Panel encourages women to run for public office
AMHERST – In 1992, American voters sent more women than ever before to the U.S. Senate after questions were raised about the dominance of males during the Clarence Thomas Supreme Court hearings.
This year could be another Year of the Woman. In the wake of the #MeToo movement and as another Supreme Court drama unfolds, an unusual number of women are running for public office around the country and in New Hampshire. For those women who have thought about running but are holding back, three female elected officials have a message:
Just do it.
They spoke at a forum in the Amherst Town Library called Women Run!, organized by the Southern New Hampshire Branch of the American Association of University Women and the New Hampshire Women’s Foundation.
“You will not be sorry,” said state Rep. Shannon Chandley (Amherst-D), one of the panelists. “If you win, you will love it, and people will support you.”
With Chandley on the panel were Shannon Barnes, who chairs the Merrimack School Board and is the 2018 president of the N.H. School Boards Association, and Laura Dudziak, a first-term member of the Milford Board of Selectmen.
Barnes built on Chandley’s idea.
“Do it with conviction. Do it with purpose. Do the work,” she said.
When asked why she ran for the local office, she said, for one, it gives her a chance to “drive out people who are not good for the job.”
When she ran for school board, the PFOAs water pollutants were a big issue in Merrimack, and the local water board did not have acceptable answers. It was vitally important,” she said, because the school board has a responsibility for children’s “developing brains and organs.”
Dudziak, an Amherst attorney, had never run for public office when she won election to the Milford Board of Selectmen.
“We need many more women, so we can focus on issues affecting women,” she said.
All of them said women often say they don’t feel they are qualified. “Seldom does a man say that,” Chandley said.
Responding to questions from the audience, the panelists talked about time commitments and how they fit public service around family and work responsibilities.
“You have to have a flexible employer,” and “it’s good optics for them,” said Barnes.
In the audience of about 25 women, Liz Overholt, of Amherst, who is town treasurer and whose late husband served as a selectman, advised women to go to meetings and get themselves known and learn what the job is about.
Chandley is running for state Senate and said the time commitment for a state representative can vary with the choice of committee, but being a state Senator is close to a full-time job.
Moderator Sarah Mattson Dustin, of the New Hampshire Women’s Foundation, provided data on women in government: Less than one-third of N.H. House members are women, and women are less likely to run for office, but they are more likely to win when they do run.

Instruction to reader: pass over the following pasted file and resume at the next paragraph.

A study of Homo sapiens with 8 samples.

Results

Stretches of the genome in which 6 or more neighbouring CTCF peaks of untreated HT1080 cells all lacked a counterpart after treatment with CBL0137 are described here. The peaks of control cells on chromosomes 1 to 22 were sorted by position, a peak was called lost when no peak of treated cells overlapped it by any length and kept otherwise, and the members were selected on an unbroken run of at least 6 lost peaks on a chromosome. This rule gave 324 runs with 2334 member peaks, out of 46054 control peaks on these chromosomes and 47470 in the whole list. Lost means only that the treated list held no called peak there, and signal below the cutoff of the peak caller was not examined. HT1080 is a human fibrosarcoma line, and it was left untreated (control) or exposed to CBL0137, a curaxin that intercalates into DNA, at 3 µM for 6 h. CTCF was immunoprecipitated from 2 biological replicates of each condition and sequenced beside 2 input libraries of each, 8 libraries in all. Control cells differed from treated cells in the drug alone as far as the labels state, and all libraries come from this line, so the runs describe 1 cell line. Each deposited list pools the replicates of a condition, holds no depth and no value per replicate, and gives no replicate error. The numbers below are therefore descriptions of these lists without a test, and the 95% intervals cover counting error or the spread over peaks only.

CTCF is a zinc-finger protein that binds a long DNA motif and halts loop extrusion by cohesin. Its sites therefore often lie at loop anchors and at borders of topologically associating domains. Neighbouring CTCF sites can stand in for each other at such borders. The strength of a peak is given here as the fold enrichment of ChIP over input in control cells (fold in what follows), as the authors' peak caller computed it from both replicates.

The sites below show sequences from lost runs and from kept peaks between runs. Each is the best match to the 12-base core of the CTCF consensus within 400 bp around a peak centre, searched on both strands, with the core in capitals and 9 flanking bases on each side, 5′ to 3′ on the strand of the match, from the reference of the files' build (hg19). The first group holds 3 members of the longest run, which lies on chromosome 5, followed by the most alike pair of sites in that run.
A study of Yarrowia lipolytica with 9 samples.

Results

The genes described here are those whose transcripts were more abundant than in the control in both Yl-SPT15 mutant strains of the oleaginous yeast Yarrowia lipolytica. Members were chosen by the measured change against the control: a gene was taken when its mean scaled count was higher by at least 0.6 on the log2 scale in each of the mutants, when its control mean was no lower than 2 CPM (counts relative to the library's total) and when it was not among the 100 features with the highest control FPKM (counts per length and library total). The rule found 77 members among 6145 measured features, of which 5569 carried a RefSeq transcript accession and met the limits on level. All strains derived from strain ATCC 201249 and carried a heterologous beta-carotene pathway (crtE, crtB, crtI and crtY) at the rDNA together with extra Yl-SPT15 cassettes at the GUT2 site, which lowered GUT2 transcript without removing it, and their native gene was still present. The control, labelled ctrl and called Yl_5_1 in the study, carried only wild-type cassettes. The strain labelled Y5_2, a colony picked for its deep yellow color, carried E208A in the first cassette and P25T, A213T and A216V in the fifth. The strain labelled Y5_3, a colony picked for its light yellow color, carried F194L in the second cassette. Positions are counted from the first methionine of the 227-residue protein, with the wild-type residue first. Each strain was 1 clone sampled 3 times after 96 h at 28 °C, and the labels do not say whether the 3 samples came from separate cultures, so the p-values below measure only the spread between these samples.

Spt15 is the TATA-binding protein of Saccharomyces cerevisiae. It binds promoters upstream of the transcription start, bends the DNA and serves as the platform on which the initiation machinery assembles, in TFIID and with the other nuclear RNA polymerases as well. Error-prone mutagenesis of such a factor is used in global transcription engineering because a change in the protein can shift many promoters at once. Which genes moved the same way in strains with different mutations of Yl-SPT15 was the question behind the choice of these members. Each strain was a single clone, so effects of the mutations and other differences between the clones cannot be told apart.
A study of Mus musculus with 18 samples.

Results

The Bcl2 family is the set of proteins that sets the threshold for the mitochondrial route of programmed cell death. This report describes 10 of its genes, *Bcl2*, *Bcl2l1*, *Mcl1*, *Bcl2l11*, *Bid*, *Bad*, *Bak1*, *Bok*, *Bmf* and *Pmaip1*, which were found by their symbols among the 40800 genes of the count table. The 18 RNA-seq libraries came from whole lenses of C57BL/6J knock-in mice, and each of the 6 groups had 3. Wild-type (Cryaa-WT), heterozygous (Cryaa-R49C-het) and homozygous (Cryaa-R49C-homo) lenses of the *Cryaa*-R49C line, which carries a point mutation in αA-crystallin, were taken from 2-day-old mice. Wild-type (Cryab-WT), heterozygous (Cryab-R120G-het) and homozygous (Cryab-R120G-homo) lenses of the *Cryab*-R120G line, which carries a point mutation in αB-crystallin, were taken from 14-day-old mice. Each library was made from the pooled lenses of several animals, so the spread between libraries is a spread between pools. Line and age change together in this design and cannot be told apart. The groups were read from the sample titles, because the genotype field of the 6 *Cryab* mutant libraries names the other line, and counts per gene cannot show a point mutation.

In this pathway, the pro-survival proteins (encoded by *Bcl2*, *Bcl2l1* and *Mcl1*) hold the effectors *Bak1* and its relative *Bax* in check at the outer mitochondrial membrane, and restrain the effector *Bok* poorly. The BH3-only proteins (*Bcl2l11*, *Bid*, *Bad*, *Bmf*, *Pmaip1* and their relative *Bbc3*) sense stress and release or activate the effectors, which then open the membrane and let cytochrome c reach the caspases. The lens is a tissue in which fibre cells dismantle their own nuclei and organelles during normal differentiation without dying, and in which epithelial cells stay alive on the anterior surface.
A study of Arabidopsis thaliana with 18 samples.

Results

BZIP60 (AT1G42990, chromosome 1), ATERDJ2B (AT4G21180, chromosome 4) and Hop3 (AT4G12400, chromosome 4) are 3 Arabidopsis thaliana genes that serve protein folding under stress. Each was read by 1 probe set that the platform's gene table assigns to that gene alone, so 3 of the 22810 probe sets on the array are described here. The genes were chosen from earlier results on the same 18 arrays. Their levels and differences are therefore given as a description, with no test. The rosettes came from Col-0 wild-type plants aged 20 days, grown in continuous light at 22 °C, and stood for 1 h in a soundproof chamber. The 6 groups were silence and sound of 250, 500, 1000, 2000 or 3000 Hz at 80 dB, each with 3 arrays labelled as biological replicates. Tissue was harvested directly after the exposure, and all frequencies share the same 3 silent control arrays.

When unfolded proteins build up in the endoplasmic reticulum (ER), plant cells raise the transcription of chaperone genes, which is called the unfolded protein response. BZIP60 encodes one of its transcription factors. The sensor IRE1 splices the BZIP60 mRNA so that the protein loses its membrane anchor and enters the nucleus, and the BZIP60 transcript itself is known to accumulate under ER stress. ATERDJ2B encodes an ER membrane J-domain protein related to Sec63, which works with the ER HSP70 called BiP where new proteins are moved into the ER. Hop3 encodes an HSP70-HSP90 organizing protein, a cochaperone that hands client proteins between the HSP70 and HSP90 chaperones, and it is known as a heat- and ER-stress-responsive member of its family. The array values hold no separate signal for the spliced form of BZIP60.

“It’s incumbent on us,” she said, “when we meet smart, capable people, we have to ask them to run.”
Twenty-one women who were encouraged by the Women Run! program were on the primary ballot in September, she said, and 20 of them moved forward.
The women also talked about their struggles.
Criticism on social media has become a factor since she first ran for the House years ago, Chandley said, and she tries not to take it personally, “but it still hurts,” and she refuses to be impolite.
Barnes said she was the one woman in a five-member school board when she started, and now there is only one man.
“I had to be aggressive to get my areas of concern addressed,” she said.
Lisa Nash, of Bedford, who is running for state representative in House District 41, and Rosemary Rung, of Merrimack, a candidate for House District 21, were in the audience and seemed excited to be running and asked questions of the panelists.
Both are Democrats. According to the Women’s Foundation, women candidates in the state are twice as likely to be Democrats.
Asked why she is running for the Senate, Chandley, who is the ranking member of the House Criminal Justice and Public Safety Committee, said the Senate has a 17-7 men-to-women ratio, and a more diverse body would give better representation.
“You’re one of 24,” so your vote carries more weight,” she said. “I want to make sure our district is well represented” on issues such as the opioid crisis and education.
The basic reason for serving, she said is that you have a chance to vote on legislation.
Using a hypothetical situation about an attempt to raise acceptable levels of chemical pollutants in water, she said being on the Legislature gives her an opportunity to do research, weigh all the ramifications and listen to experts.
“The legislation we pass affects each of us every day.”
The AAUW partnered with the N.H. Women’s Foundation to bring the program to Amherst. The Women’s Foundation is New Hampshire’s only statewide, nonpartisan program focused on inspiring more women to run for state and local office.
In 2018, 335 New Hampshire women ran in primary elections for county, state and federal offices, compared to 306 in 2016.
Kathy Cleveland can be reached 673-3100 or email@example.com.